The latest figures from the Plumbing & Heating Merchant Index (PHMI) report show total value sales for November 2022 through specialist plumbing and heating merchants were +6.9% higher than November 2021. Price inflation (+9.8%) was again the driving factor behind year-on-year growth with volumes falling -2.7%.
Month-on-month November value sales were +9.7% higher than October 2022. Volume sales saw positive growth (+6.8%) while prices were also up (+2.7%). With one extra trading day in November, like-for-like sales were +4.7% up.
Year to date value sales in the period January to November 2022 were +7.0% higher than the same period in 2021. However, with volume sales down (-1.5%) it was price inflation (+8.6%) driving the increase. With two less trading days this year, like-for-like sales were +7.9% higher.
Plumbing & Heating merchants’ value sales in the last 12 months (December 2021 to November 2022) were +5.8% ahead of the previous twelve months, December 2020 to November 2021. However, volumes were lower (-2.6%) and prices were up +8.6%. With two less trading days in the latest period, like-for-like sales were +6.7% higher.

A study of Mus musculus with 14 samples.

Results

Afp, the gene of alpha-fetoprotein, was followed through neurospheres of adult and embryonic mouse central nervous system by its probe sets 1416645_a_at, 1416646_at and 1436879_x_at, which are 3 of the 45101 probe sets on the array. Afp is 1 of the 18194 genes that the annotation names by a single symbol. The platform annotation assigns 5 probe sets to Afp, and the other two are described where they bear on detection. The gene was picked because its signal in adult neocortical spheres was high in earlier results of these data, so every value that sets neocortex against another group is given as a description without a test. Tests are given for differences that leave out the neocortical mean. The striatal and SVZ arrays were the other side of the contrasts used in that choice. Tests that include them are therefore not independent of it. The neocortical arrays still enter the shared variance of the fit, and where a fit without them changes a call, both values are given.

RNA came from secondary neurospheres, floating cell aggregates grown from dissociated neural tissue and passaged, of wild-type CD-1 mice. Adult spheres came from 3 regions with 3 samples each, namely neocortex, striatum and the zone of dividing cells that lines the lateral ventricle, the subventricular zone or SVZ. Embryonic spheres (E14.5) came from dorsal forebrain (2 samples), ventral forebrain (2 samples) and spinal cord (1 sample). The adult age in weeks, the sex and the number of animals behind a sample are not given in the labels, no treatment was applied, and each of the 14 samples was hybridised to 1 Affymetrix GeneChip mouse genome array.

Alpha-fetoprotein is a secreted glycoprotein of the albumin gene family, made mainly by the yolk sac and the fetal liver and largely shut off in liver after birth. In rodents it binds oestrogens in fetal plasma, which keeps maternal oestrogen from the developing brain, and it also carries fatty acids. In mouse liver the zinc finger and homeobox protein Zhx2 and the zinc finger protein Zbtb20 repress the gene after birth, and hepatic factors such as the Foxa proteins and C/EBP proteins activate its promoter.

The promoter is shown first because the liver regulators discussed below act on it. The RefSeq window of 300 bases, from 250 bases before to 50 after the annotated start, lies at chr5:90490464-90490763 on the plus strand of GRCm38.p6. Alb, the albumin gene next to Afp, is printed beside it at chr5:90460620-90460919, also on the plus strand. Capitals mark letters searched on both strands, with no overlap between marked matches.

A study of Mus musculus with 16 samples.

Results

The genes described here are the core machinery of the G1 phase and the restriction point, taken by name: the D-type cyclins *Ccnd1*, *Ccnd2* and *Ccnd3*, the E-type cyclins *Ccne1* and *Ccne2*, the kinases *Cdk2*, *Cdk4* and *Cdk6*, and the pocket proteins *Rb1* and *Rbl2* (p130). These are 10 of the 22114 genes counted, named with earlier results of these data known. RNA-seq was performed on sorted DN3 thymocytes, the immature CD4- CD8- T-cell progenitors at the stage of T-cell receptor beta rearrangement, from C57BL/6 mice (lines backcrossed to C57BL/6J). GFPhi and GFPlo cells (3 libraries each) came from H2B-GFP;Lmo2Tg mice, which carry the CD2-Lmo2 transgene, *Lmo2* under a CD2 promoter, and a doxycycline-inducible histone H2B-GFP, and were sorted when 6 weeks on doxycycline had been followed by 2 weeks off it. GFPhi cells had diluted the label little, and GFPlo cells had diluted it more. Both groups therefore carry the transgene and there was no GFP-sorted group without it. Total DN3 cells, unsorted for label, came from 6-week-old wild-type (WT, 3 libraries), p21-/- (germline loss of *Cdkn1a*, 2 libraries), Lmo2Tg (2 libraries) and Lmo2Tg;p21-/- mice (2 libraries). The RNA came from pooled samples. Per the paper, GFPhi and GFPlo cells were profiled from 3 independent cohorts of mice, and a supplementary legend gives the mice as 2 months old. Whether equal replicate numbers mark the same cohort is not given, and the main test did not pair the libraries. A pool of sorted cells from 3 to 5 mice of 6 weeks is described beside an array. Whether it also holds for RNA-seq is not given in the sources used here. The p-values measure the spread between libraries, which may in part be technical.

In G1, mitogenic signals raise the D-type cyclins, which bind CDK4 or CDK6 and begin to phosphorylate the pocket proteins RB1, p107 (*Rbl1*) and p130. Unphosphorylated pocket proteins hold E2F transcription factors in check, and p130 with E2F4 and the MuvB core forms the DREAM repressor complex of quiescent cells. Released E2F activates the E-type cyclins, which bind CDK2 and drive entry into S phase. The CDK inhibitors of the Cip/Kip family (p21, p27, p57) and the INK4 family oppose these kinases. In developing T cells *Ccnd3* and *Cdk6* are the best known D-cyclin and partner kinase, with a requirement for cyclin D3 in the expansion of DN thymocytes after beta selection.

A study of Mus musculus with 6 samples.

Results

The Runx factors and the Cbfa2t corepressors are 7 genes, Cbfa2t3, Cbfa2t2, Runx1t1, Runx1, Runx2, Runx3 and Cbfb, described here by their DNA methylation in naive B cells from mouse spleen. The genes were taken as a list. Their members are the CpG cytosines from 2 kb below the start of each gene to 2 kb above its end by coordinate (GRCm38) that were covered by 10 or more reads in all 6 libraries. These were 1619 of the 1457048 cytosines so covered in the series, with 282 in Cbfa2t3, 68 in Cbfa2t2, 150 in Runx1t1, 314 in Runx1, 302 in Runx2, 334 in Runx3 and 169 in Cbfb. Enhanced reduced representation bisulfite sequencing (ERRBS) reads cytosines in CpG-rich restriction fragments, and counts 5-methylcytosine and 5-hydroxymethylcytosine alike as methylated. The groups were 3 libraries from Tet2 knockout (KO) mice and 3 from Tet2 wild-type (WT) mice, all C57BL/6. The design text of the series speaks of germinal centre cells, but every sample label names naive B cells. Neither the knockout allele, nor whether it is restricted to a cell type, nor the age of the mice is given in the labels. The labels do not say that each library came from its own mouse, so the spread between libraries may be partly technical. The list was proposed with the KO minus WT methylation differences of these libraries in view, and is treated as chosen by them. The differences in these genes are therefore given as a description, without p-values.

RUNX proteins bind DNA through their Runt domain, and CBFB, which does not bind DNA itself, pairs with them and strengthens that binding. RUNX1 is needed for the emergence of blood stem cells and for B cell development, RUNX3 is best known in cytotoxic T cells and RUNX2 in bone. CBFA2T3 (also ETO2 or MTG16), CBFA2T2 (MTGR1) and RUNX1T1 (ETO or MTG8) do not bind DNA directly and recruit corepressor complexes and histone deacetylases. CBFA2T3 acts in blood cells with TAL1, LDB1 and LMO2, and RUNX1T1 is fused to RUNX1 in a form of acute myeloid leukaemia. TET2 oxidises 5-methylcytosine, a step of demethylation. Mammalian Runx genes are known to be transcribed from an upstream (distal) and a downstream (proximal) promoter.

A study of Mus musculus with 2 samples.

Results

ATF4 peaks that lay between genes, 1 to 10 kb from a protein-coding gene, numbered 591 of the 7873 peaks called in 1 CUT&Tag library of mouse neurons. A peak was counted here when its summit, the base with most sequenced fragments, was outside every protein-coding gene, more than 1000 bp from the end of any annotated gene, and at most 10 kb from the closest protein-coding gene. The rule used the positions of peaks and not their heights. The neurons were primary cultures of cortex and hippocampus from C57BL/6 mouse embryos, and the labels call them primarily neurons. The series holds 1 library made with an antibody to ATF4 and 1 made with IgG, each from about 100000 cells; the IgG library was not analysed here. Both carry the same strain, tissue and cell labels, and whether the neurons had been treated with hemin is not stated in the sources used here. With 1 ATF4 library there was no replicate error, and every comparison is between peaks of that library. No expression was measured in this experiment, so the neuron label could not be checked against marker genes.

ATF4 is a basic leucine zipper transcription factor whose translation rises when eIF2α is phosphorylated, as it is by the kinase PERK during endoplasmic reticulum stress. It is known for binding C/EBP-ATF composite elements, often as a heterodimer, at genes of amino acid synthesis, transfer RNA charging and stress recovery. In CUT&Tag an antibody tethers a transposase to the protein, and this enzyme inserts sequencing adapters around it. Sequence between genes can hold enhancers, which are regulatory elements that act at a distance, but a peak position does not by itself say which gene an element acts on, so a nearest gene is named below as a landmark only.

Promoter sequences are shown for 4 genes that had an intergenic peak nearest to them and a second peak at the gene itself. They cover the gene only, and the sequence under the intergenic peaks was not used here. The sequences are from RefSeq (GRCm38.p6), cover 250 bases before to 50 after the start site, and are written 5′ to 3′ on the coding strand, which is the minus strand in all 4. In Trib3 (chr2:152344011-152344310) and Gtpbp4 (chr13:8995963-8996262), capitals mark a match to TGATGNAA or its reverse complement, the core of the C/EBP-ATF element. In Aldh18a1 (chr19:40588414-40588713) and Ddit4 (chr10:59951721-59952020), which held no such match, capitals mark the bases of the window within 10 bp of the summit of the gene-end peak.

The PHMI index for November was 118.1. With one additional day this month, the like-for-like sales index was 111.0.
Mike Rigby, CEO of MRA Research, which produces the report comments: “Year-on-year, the picture is the same as it has been for most of 2022, with sales through specialist plumbing and heating merchants driven primarily by inflation as prices are up but volumes are lower compared to 2021. It may be too soon to say but the PHMI month-on-month statistics show some green shoots of positivity as October and November both recorded volume growth and relatively lower inflation.
“In fact there’s been a slew of better news in the New Year. Interest rates are expected to peak sooner and lower than earlier forecasts, high energy and material costs are now not expected to be so extreme. But before we breathe a sigh of relief, there are plenty of challenges to overcome. It will take much longer to repair the damage caused by the sharp rise in the cost of living, and a steady diet of news of war with the unions over pay demands will do nothing to lift the country’s well being. Very weak consumer confidence will continue to impact the housing and home improvement markets. High mortgage rates are cutting demand for new homes and major builders have already cut their build programmes.
“Nevertheless, we may be over peak shock and the Autumn’s doom and gloom may have been overcooked. This could be the beginning of a return to normality which would be welcome news for consumers, tradespeople and merchants.”